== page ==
I lived in Gettysburg, PA, for a year and once saw a civil war reenactor at the grocery store. I lived in Baltimore for three years and fell hard for that place. Baltimore has its issues, but art is everywhere. For a year, I taught fiction at an all-boys high school. The rest of the years, I taught fiction to college kids and to adults. I learned to throw a decent left hook. I leaned how to sleep on planes. I got married. I wrote another story collection and a novel and started another novel set in Cuba. I moved to Massachusetts. I have to say, it’s been a good stretch, these last four years.
You’re from Florida, but you’ve never written about Florida before The Isle of Youth. Why now?
The part of Florida I grew up in, Central Florida, seemed to me like the epicenter of suburban malaise, all golf courses and highways and theme parks. Boring, in other words. I still have a lot of family in Central Florida, so I go back a few times a year, and I needed enough time away from the Florida I had constructed for myself growing up in order for a different kind of Florida to emerge. I needed time away before I was able to see the odd details, to fully appreciate what a strange and singular place Florida is.
Have you ever seen an alligator before?
Yes! For a while, my family lived by a lake and sometimes they would crawl into our backyard.
In The Isle of Youth, I counted the following: 1 broken nose; 2 people shot; 1 explosion; 1 jump from a balcony; 2 people who disappear, never to be heard from again.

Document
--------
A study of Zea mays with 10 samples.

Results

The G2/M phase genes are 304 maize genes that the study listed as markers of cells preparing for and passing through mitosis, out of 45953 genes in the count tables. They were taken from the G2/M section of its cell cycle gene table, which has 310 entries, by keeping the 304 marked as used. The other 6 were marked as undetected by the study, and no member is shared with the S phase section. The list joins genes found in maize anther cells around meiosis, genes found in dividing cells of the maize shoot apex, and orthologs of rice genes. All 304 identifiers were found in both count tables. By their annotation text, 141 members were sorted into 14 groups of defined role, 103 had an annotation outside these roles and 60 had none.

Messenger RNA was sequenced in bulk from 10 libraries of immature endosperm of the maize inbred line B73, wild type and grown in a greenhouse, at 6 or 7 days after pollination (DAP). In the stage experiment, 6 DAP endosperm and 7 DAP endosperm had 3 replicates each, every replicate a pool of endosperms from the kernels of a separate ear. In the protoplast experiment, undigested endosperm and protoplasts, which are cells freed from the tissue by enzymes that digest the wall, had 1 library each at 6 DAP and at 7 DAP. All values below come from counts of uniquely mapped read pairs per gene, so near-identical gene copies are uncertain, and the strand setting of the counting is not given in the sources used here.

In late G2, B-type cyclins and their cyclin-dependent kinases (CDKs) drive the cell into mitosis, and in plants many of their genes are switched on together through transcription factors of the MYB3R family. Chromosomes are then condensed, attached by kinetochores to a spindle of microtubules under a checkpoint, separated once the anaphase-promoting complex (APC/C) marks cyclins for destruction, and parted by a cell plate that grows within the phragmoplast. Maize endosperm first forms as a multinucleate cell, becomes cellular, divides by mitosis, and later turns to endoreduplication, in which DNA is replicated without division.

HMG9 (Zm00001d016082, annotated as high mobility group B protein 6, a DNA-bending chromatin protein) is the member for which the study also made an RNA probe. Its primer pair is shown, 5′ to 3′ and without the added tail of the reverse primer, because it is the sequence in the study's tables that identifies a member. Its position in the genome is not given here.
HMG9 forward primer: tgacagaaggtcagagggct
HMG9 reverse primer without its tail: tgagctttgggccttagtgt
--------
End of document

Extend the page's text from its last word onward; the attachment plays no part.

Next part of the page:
I have watched an unfortunate amount of action movies, I’m afraid. Does it get better than Die Hard? I don’t think so.
Also, I think there is sometimes this perception that short stories can only be containers for “small” actions. Those fleeting, blink-and-you’ll-miss-it revelations. The quiet moments. I have nothing against those kinds of stories—I love so many of them—but with ISLE I was striving to write stories that had a kind of expansiveness, where the events had the potential to be both literally and psychologically life-altering. I wanted to be quiet in some ways and loud in others.
What words do you overuse the most?
I’m guilty of overusing “literally” (see above). Also: “awesome.” How embarrassing.
Have you ever fired a gun before?
No. I have never even held a gun. I’m terrified of them.
How do you know when a new story is working?
When it is all I can do even when I’m not doing it.
How do you know when it’s failing?
When I’m bored.
Where do your stories come from?
Fear, joy, shame, rage, confusion, wonder.
What is the best thing about you?
Once I’m in your corner, I don’t leave it.
What is the worst thing about you?
When I get really into one thing I have the ability to un-see pretty much everything else but the project at hand. Great for the project, awful for everything else.
What might people be surprised to learn about you?
Well, I’ve already confessed that I love action movies. The more ridiculous and over-the-top the better. The eighties and nineties were the golden age for such films, in my opinion. They’re all a little too slick now. Anyway! What else? I’m petrified of the wilderness. No camping for me.
When was the last time you cried?
On the last day of July, on a plane from Key West to New York, after finding out one of my childhood dogs had just passed away.
What do you dream about?
I don’t usually remember my dreams, but when I do I’m almost always being chased.
Okay! What makes you laugh?
Reruns of Curb Your Enthusiasm and my spirit animal, the Honey Badger. Works every time.
LAURA VAN DEN BERG’s debut collection of stories, What the World Will Look Like When All the Water Leaves, was a Barnes & Noble “Discover Great New Writers” selection and shortlisted for the Frank O’Connor International Award. Her second collection of stories, The Isle of Youth: Stories, will be published by Farrar, Straus & Giroux in November. A Florida native, she currently lives in the Boston area.